Arena attendant saves hockey player’s life
An arena attendant working at Kal Tire Place Friday, Feb. 21, 2020, was in the right place at the right time, City of Vernon Recreation Services director Doug Ross said.
The attendant, who normally wasn’t scheduled to work the time slot, was present when a hockey player was struck with a cardiac incident. The worker noticed the arena was eerily quiet and checked in on the 2:30 p.m. game. The attendant noticed players were huddled around their teammate.
The attendant, who has some first aid training, rushed to the bench and quickly assessed the man’s condition and realized he was in cardiac arrest.
The players alerted the attendant they had already called 911.
The attendant performed CPR and an AED defibrillator was used before paramedics arrived and took over the patient’s care.
In March, the team updated rec services noting their teammate was recovering in ICU and had a pacemaker installed.
Ross said this level of first aid training is typically not used by arena attendants.
“I’m extremely proud of him,” said Ross.
Local bus drive lauded by BC Transit
A Vernon bus driver received a shout-out from B.C. Transit after he took the time to help a person in need.
In a video published to YouTube on March 10, Don LaRocque, who has been driving since 2013, tells the story of how he stopped and waited for a woman who was chasing his No. 3 bus.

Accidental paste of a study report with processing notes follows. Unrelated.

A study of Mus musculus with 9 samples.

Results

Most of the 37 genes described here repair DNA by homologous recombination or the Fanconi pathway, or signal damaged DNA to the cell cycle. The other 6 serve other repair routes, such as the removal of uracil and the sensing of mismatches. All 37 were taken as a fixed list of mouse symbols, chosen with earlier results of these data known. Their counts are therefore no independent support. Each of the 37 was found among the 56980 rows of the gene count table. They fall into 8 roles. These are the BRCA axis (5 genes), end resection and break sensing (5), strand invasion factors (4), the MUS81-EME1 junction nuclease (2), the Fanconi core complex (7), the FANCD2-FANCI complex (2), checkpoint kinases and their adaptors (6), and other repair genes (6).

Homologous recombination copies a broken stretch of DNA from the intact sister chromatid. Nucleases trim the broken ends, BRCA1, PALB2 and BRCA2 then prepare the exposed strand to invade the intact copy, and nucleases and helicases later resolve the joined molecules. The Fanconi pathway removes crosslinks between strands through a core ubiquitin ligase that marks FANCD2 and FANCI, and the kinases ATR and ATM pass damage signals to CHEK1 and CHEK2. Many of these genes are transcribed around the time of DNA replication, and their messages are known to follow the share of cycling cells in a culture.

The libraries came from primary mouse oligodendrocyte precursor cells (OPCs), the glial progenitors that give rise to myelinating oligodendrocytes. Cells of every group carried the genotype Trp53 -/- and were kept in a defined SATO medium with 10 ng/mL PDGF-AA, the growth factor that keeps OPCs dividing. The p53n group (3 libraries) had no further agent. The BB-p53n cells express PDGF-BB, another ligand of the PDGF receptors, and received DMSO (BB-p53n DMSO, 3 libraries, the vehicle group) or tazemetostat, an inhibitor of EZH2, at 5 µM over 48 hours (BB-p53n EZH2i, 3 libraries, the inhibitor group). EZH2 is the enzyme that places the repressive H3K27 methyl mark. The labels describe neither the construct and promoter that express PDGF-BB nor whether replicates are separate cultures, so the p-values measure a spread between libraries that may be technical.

“I pulled over into the bus stop and waited for her,” LaRocque said. “When she got really close to the bus, I got out of my seat and went to ask if she needed a hand, because it looked like she was ready to collapse.”
Before she left at her stop, she paused to repay him with some kind words.
“She called me an angel just before she left the bus, so I felt really good about that,” he said.
Coldstream kid claims world record
A local student made a record-breaking discovery earning Neko Wong, a Grade 4 Beairsto Elementary student, a spot in the Guinness World Record books.
The Coldstream girl found a sand dollar bigger than her head in El Sargenta, Mexico, on the beach.
It measures 16.5 cm (6.49 inches) and 51 grams, apparently the largest sand dollar in the world.
Neko received her award in the mail in March after undergoing the process to validate her find.
“Neko was hoping to do a presentation at school on sand dollars, but with school being suspended, that is unlikely to happen,” said her mom Silping.